City wants to maintain campus police presence

COSTA MESA — Despite fears that the city would make cuts to police officers stationed on school campuses, or try and replace them with non-sworn officers, an elected official said Monday that the council would actually like to maintain and expand the program.

Councilman Steve Mensinger said the city wants to supplement the Student Resource Officer, or SRO, program, with sworn reserve officers to fill in the current officers' four-day a week schedule.

"The main focus is to have 100% coverage," Mensinger said.

The program is a joint venture by the city and the Newport-Mesa Unified School District to provide police patrols at Estancia High School, TeWinkle Middle School and the adjoining Costa Mesa middle and high school campuses.

The officers work with students and staff to help prevent crime and gang violence on campus, and handle any criminal activity that happens.

Currently, there are two full-time sworn officers — one at the combined Costa Mesa middle and high school campus, the other at Estancia and TeWinkle — who work four, 10-hour shifts a week.

The city is looking into using sworn reserve officers to fill in on the fifth day, or possibly even more, Mensinger said.

"The schools are open five days a week," Mensinger said. "Why wouldn't you want coverage five days a week?"

The reserve officers will also be able to stand in for the full-time officers when they are sick or on vacation, said city Chief Executive Officer Tom Hatch, adding the campuses usually go unpatrolled during those times.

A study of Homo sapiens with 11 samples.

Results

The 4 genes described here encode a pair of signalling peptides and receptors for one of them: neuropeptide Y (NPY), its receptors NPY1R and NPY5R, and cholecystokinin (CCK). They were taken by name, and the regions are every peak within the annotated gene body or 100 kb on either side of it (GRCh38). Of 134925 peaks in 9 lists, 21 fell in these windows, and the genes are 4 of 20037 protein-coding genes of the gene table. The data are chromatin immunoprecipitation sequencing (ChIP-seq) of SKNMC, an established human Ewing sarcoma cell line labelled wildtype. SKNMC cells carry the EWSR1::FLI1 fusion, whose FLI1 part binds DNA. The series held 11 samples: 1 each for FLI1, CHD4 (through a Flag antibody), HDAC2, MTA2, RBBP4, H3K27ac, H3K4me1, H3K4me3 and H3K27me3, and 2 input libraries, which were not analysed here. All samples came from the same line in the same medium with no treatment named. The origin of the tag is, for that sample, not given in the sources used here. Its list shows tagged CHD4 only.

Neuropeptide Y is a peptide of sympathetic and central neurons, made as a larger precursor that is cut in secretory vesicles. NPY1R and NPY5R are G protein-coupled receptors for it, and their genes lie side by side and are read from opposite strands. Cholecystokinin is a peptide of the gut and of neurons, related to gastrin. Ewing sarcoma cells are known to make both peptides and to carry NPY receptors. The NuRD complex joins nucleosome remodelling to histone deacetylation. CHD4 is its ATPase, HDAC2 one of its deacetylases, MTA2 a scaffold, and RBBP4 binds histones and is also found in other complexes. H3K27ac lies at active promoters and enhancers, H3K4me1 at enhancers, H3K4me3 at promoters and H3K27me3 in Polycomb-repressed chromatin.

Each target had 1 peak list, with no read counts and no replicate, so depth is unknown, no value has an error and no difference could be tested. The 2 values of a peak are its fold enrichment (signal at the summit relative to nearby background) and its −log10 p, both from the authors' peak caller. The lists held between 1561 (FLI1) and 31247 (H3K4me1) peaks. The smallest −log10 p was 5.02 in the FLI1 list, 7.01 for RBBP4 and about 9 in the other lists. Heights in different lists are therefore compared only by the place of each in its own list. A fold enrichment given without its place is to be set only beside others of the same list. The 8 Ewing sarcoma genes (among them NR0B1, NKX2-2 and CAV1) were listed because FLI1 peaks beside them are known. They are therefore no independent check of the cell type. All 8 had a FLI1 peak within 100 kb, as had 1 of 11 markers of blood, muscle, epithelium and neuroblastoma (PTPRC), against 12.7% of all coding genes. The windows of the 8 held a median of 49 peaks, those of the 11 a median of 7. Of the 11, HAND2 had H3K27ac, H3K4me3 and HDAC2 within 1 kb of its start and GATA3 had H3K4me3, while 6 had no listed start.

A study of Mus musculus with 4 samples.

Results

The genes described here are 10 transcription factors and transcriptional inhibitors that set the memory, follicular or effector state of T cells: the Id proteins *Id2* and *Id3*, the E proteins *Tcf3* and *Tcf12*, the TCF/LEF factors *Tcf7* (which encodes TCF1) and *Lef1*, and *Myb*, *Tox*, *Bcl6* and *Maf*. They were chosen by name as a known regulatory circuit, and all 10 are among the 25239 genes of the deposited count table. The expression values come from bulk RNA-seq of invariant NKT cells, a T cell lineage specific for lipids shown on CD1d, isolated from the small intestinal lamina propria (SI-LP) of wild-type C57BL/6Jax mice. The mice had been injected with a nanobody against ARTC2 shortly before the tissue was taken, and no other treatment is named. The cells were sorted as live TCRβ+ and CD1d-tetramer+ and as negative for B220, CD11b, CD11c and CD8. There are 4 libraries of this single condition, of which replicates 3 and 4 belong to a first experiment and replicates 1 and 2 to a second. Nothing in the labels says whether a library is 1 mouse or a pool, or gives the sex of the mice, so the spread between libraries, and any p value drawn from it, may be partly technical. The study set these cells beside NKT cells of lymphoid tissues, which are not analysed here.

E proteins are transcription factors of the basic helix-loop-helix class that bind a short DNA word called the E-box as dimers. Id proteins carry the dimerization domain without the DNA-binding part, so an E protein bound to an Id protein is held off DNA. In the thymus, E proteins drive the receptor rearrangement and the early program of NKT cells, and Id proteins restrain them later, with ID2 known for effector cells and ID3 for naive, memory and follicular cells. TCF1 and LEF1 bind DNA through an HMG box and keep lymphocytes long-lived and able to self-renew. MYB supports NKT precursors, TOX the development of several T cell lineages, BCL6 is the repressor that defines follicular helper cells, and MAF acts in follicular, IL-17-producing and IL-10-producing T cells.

The city would pay the difference for the additional reserve officers out of the 73,000 hours budgeted for reserves, Hatch said. Reserve officers are paid $28 an hour.

Hatch also said the city is asking the Police Officers' Assn. to consider changing the SRO shifts to five eight-hour days to better fit the school schedule. The association would have to agree to part with the four, 10-hour shifts the officers currently work.

City staff will work with each school to determine how to best meet their needs, Mensinger said.

School board President Walt Davenport said he likes the idea of maintaining the two sworn officers and the additional patrol hours would give the schools more coverage, especially at the middle school campuses.

The school board authorized acting Supt. Paul Reed June 14 to renew the district's agreement with the city to pay for half the costs, up to $187,250, of two sworn officers.

The school trustees were concerned last week that the city would reduce its sworn officers to unsworn reserves — a money-saving option listed in the council's June 14 study session agenda. Unsworn officers cannot make arrests and many cannot carry firearms.

The trustees vehemently denounced the option, stating unsworn officers wouldn't be able to fulfill the duties of the SRO without a gun or a patrol car. They directed Reed not to enter into an agreement unless the officers were sworn.

Mensinger maintained Monday that it was always his position to increase the officers' presence with sworn reserves.

Whether the council will move forward expanding the SRO program, or revert to the staff recommendation, is still up in the air until the council votes Tuesday, said school board Trustee Katrina Foley.

Foley, a former city councilwoman, said she doesn't think the council will be able to keep the sworn officers on campus if they move forward with major cuts to the Police Department.

"The fact of the matter is, if you make significant cuts to the police officers, there is no way to keep the SROs," Foley said.

The city will vote on an agreement with the school district at 6 p.m. Tuesday in Council Chambers in City Hall, 77 Fair Drive.